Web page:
A 28-year-old Columbia man will be sentenced Nov. 6 on his third alcohol-related offense -- the death of a Massachusetts teen-ager after he slammed into her car Jan. 26 as it was stopped on the shoulder of Interstate 95 in Arbutus.
Baltimore County Circuit Judge J. William Hinkel found Joseph Michael Helms guilty Wednesday of automobile manslaughter, homicide by motor vehicle while intoxicated, driving while intoxicated, failing to stay within a single lane, and driving on a restricted license.
The judge said that there was insufficient proof that Helms was driving under the influence of drugs. The manslaughter charge carries a 10-year maximum sentence, the longest sentence among the counts for which he was convicted.
Helms, of the 6600 block of Buttonhole Court, testified Wednesday that he didn't remember crashing his 1988 Suzuki Samurai and denied drinking before the 4 a.m. crash, despite the presence of alcohol, marijuana and the hallucinogen PCP in a blood sample taken four hours later.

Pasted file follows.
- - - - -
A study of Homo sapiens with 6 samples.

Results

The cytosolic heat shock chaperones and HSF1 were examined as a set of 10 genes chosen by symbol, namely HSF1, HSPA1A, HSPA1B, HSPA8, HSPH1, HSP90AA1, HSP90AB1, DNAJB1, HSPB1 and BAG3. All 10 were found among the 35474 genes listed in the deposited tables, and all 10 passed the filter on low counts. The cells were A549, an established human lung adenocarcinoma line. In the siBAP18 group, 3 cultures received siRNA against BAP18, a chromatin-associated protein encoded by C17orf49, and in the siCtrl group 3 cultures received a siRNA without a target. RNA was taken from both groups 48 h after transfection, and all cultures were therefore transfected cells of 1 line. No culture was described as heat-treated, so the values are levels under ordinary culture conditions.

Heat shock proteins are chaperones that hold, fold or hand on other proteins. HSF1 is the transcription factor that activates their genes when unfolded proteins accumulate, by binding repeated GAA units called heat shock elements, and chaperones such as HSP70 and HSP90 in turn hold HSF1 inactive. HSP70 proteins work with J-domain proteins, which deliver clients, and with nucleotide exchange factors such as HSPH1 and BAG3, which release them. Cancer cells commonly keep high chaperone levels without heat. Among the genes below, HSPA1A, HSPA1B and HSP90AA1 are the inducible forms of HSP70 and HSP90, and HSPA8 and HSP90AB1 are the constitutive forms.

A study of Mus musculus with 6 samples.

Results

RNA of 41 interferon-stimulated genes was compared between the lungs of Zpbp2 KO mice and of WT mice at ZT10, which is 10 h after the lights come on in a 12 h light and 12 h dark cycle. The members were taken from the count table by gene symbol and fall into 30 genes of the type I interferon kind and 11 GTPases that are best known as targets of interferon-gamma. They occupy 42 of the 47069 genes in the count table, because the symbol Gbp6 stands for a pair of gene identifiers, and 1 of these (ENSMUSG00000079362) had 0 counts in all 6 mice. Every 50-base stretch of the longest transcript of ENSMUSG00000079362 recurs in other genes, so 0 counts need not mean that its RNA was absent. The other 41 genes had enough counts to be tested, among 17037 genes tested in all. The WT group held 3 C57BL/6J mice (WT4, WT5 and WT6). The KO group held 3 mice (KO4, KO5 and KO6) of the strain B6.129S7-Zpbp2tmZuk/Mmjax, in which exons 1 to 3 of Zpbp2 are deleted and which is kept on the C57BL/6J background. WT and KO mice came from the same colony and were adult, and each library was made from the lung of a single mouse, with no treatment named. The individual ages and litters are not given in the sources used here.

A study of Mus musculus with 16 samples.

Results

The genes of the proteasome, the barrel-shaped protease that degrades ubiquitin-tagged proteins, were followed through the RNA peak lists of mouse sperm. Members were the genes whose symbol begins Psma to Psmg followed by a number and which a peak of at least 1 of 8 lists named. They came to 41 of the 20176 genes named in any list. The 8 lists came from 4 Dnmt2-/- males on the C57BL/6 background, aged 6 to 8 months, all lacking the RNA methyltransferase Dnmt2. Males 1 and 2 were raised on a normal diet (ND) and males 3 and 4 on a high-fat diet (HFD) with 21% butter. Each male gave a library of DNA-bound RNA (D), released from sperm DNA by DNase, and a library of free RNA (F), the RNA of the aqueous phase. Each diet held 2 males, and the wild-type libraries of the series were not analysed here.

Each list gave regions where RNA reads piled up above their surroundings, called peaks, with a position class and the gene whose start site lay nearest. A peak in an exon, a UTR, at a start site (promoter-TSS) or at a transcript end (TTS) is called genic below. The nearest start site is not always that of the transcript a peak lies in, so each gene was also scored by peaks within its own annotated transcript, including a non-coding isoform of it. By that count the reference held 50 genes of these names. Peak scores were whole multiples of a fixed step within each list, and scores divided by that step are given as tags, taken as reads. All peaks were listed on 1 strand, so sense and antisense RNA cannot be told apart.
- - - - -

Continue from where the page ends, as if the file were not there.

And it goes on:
Working from this sample, a doctor called by the prosecution said that Helms' blood-alcohol level would have been 0.15 or 0.16 at the time of the accident, above Maryland's 0.10 standard for driving while intoxicated.
Assistant State's Attorney John P. Cox said yesterday that Helms received probation before judgment in 1985 for driving under the influence, and that as a result of a September 1990 conviction, his driver's license was restricted to work or school-related trips in December -- a month before the crash.
The victim in the Jan. 26 crash, Hillary Suzanne Shedd, 18, of Lincoln, Mass., was trying to sleep in the back seat when the accident occurred, said Mark Morgan Barbour, 19, of Sudbury, Mass. He was driving Ms. Shedd's 1983 Honda Civic south between Caton Avenue and the Beltway.